7 things you might not know about tribology

This article was originally published in the spring 2016 issue of Argonne Now, the laboratory’s science magazine.

1. Tribology studies the wear and tear of things

Objects rubbing together cause friction which eventually wears down one or the other surface. Finding ways to reduce this friction—in your knees, in an engine, or in factory machinery—can help scientists develop stronger materials that last longer and slide easier, which increases efficiency.

2. Your car wastes about 13% of the gas you buy

Gas engines waste about 13% of their fuel overcoming friction created by all the mechanical sliding and rotating parts within the car. Increasing this efficiency by just 10% for cars would mean importing 100,000 fewer barrels of oil every day.

3. It’s not me, it’s you

When your artificial knee or hip hurts, it’s not the gadget, but the body’s natural defenses that wear you down. The act of walking, bending, or stretching rubs off molecule-sized pieces of metal or plastic, which the body sees as foreign objects. Irritation results as the body tries to repair itself, causing the joint to loosen or cause pain.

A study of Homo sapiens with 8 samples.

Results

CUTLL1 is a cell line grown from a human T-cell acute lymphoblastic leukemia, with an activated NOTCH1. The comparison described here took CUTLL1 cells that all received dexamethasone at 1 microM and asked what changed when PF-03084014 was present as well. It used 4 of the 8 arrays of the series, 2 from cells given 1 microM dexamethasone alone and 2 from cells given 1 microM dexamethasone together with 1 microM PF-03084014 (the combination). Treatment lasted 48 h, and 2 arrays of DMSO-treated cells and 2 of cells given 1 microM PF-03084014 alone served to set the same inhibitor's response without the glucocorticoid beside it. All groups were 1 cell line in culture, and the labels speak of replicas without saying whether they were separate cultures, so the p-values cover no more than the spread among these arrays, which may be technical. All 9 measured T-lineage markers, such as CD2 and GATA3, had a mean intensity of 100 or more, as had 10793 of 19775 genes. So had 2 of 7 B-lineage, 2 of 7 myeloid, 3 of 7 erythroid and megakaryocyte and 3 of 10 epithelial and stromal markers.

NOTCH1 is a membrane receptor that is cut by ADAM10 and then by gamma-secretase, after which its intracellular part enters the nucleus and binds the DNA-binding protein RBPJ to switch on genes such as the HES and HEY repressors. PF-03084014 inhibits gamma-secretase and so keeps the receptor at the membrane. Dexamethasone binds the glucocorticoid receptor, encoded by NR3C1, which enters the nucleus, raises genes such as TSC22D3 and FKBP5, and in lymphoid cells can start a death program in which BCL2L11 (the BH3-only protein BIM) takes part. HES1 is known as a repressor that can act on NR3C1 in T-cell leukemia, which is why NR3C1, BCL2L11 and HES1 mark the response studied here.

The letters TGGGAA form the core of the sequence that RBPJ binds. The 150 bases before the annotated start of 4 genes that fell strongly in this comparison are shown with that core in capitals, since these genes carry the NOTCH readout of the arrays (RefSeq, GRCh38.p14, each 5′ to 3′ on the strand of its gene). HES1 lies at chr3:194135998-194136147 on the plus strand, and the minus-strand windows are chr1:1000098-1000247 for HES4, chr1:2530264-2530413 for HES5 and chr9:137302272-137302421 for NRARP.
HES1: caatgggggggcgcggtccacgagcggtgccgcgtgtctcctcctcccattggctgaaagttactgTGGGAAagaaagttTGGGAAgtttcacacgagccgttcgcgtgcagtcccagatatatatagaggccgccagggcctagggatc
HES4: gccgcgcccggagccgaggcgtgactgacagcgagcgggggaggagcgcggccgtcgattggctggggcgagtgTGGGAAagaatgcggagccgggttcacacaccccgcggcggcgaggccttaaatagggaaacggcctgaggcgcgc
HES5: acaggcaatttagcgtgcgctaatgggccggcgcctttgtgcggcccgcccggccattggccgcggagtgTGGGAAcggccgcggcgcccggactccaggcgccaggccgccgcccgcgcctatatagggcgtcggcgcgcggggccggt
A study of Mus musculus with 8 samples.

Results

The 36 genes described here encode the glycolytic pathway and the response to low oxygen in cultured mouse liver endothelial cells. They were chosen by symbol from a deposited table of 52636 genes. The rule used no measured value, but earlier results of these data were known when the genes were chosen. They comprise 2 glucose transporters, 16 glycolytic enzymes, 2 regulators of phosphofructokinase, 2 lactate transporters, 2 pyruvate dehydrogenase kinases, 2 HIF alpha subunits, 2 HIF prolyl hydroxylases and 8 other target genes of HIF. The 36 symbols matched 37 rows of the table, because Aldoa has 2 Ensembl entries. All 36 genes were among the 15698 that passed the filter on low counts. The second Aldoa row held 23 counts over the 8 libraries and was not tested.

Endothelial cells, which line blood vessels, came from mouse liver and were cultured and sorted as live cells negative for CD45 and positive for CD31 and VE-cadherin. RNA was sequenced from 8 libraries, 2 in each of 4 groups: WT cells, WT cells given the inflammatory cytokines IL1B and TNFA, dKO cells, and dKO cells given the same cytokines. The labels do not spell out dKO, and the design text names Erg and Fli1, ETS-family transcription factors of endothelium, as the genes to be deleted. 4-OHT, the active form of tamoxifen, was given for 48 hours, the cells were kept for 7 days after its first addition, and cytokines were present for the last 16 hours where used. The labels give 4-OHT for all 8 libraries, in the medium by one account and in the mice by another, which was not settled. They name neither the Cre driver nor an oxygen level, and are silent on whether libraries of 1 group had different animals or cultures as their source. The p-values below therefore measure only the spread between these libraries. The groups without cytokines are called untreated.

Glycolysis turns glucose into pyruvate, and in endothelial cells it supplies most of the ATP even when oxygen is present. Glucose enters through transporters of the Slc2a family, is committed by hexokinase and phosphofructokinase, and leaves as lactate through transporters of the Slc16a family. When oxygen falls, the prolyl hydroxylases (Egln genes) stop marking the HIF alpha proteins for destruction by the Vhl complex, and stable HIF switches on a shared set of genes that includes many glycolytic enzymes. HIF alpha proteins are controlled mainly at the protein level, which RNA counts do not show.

4. No WD-40 allowed in space

Lubricants like oil used for our machines here on the ground won’t work in space. In a vacuum, oil quickly evaporates, increasing the amount of friction on moving parts and causing gears to grind to a halt.

5. Wind turbines do the wobble

With an average height of 370 feet, wind turbine blades cover a lot of area. Because of this, blades at the top experience faster wind speeds than blades at the bottom, causing a wobble as the blades spin. This back and forth vibration can cause increased wear on the bearing and gears within the wind turbine’s gearbox.

6. An oil’s chemical additives, necessarily, pave the way

About 15% of the oil we use in cars and other machines consists of a chemical cocktail that helps prevent foam, slow corrosion, prevent oxidation or rust, and allow you to pour oil in sub-zero temperatures.

7. The fault is that there is no friction in the fault

The earth’s surface is a 3-D jigsaw puzzle with large sections that move, very slowly, all the time. Sections that stick together at the fault line store up energy as other sections move. When the force of the moving sections overcomes the friction of the sections that are stuck together, they slip, releasing energy like a ripple in a pond. In other words, an earthquake.